Sen. Gipson Opposes Budget Cuts, Utility Tax

Services for people with disabilities would be affected

Gov. Andrew Cuomo’s 30-day Amendment Budget release includes a $120 million cut in funding to the Office of People With Developmental Disabilities (OPWDD). State Sen. Terry Gipson issued a statement recently that these cuts would have a devastating impact on the nonprofit organizations that deliver services for the OPWDD, not to mention their clients’ families and communities.

Gipson supports a full restoration of the $120 million proposed cut to the OPWDD budget, and he has been working with nonprofits in his district and his Senate colleagues to rally support for this restoration.

“Restoring the $120 million will go a long way in providing the care, concern and compassion to those who are neediest among us,” Gipson said. “These cuts will sadly result in closed facilities, loss of services and a potential return to the bad old days of Willowbrook, which no one wants to see happen. I am fully committed to convincing the governor that these budget cuts must be avoided at all costs.”

Utility tax extension

“I agree with Gov. Cuomo that growing our local and state economies and reducing the cost of doing business here in New York State should be at the top of our priority list,” said Sen. Gipson. “However, Gov. Cuomo’s budget includes a proposed extension of the utility surcharge tax, also known as the 18-a assessment or the Temporary State Assessment Surcharge, and I believe this extension will not help us achieve those priorities.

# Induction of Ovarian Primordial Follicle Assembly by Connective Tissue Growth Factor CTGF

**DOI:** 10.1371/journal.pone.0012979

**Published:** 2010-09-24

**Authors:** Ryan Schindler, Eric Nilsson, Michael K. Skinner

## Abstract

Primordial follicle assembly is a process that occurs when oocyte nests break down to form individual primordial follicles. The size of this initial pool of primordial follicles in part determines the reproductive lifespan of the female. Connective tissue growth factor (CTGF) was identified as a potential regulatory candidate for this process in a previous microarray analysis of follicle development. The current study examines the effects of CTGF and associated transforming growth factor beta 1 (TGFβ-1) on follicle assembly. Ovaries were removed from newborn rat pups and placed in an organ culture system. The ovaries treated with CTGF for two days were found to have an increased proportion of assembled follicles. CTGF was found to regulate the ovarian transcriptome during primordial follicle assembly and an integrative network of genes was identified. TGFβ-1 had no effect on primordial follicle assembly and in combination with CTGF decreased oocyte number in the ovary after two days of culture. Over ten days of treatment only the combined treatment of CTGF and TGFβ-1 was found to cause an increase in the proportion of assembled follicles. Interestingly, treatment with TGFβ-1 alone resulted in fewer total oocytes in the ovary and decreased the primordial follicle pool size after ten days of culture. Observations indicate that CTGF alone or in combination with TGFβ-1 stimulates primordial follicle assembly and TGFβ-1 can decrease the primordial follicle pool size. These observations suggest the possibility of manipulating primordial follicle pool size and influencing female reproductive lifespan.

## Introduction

“Under the 2009 state law, this costly 2 percent surcharge tax is set to expire on March 31, 2014, and the proposed 2013-14 budget extends this surcharge tax for years beyond the expiration date,” Gipson said. “The impact of this extension will be that it will cost New York’s local businesses and ratepayers over $2 billion.

“I came to Albany to help lower costs for businesses and consumers; this surcharge does exactly the opposite. According to National Grid, the extension could cost typical large businesses approximately $30,000 per year; a small business $540 per year; and families could shell out as much as $55 per year in their household utility bill.

“Let’s do the right thing for all New Yorkers. I am reaching across the aisle and joining many of my Republican colleagues in supporting the removal of this utility tax surcharge from our budget proposal. This will provide some much needed relief for our businesses, families and communities,” said Gipson.